A healthcare consumer advocate lays out what the GOP’s healthcare bills could mean for Georgians.
U.S. House Republicans have unveiled a pair of bills laying out what repealing and replacing the Affordable Care Act could look like.
Right now, under the ACA, a certain number of people in a state qualify for Medicaid and the state works with the federal government to fund their healthcare. Zeldin said the new plan would CAP federal funding based on the state’s population.
“The idea is that, if you’ve [the state] run out of money, it doesn’t matter if you [an individual] qualify or not,” she said. “If the state runs out of that money, then they’re going to have to make decisions about who or what to cut.”
About 1.7 million Georgians are on Medicaid. Many of them are poor children, people with disabilities and seniors. Zeldin said if cuts need to be made, pitting the healthcare interests of those groups against each other is not a comfortable situation for any state policy makers to be in.
She said compared to other states, Georgia already spends very little per person on Medicaid, so there’s not much room to cut if federal funding takes a hit.
Another proposed change Georgians would feel is in the way tax credits work, as in, how the federal government helps people pay for coverage.
“Instead of being based on how much money you make or where you live, tax credits would be based on age,” Zeldin said.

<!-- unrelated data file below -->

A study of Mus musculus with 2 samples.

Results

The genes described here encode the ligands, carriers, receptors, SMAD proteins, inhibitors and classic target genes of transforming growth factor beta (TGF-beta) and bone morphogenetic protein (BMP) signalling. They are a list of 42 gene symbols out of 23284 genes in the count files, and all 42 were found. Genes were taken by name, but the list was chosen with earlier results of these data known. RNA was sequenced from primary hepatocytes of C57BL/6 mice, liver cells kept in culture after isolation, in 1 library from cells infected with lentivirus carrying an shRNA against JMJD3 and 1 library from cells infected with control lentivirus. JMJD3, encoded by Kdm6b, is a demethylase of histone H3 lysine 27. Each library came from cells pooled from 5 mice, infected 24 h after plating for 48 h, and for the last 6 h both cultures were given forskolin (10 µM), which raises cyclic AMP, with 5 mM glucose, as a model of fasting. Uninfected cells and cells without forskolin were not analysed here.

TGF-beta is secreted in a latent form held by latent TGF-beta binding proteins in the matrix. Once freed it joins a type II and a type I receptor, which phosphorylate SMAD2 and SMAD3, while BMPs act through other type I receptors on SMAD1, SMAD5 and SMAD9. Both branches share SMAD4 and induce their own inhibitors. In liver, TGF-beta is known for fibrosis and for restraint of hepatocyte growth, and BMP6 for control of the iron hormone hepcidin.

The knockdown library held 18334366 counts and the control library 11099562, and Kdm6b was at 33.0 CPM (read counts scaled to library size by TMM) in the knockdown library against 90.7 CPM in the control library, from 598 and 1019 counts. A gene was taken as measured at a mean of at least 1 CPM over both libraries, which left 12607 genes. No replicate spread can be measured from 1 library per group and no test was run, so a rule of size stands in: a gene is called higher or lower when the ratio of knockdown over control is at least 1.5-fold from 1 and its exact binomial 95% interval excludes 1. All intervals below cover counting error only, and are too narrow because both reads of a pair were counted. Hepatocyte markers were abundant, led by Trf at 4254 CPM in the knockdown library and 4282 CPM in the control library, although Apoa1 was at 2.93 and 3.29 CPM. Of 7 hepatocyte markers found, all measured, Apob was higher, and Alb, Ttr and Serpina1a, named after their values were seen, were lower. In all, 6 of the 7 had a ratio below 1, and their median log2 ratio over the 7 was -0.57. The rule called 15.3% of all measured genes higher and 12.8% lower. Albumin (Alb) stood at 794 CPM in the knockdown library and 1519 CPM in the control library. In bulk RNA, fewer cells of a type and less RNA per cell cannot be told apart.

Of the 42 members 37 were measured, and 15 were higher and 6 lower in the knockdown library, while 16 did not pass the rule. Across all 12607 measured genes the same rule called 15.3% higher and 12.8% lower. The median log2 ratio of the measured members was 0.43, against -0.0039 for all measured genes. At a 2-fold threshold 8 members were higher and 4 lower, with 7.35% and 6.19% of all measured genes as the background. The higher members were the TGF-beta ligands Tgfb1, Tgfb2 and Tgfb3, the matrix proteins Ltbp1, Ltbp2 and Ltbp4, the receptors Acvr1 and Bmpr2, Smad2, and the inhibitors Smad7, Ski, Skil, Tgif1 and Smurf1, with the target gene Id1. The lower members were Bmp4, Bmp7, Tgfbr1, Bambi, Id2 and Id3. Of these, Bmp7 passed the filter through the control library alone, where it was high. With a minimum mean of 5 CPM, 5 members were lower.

The new plan would offer younger people a flat $2,000 credit. Older people would get twice that.
“This would be paired with a change that would allow insurance companies to charge people who are older five times as much as younger people, rather than three times as much as younger people, which is what they can do today,” Zeldin said.
The tax credits appear more generous than under the ACA, but she said they won’t be enough to make up for how much premiums would rise.
Ultimately, Zeldin said it’s very unclear what parts of the GOP plan, if any, will make it to law. How the measures would be implemented is just as uncertain.
“There is really no precedent, since the structure of Medicaid has not changed in this way, in terms of cutting and capping it and asking states to make this decision,” she said.
Zeldin said we’ll know more about the broader potential impacts once the congressional budget office has had time to review the bills.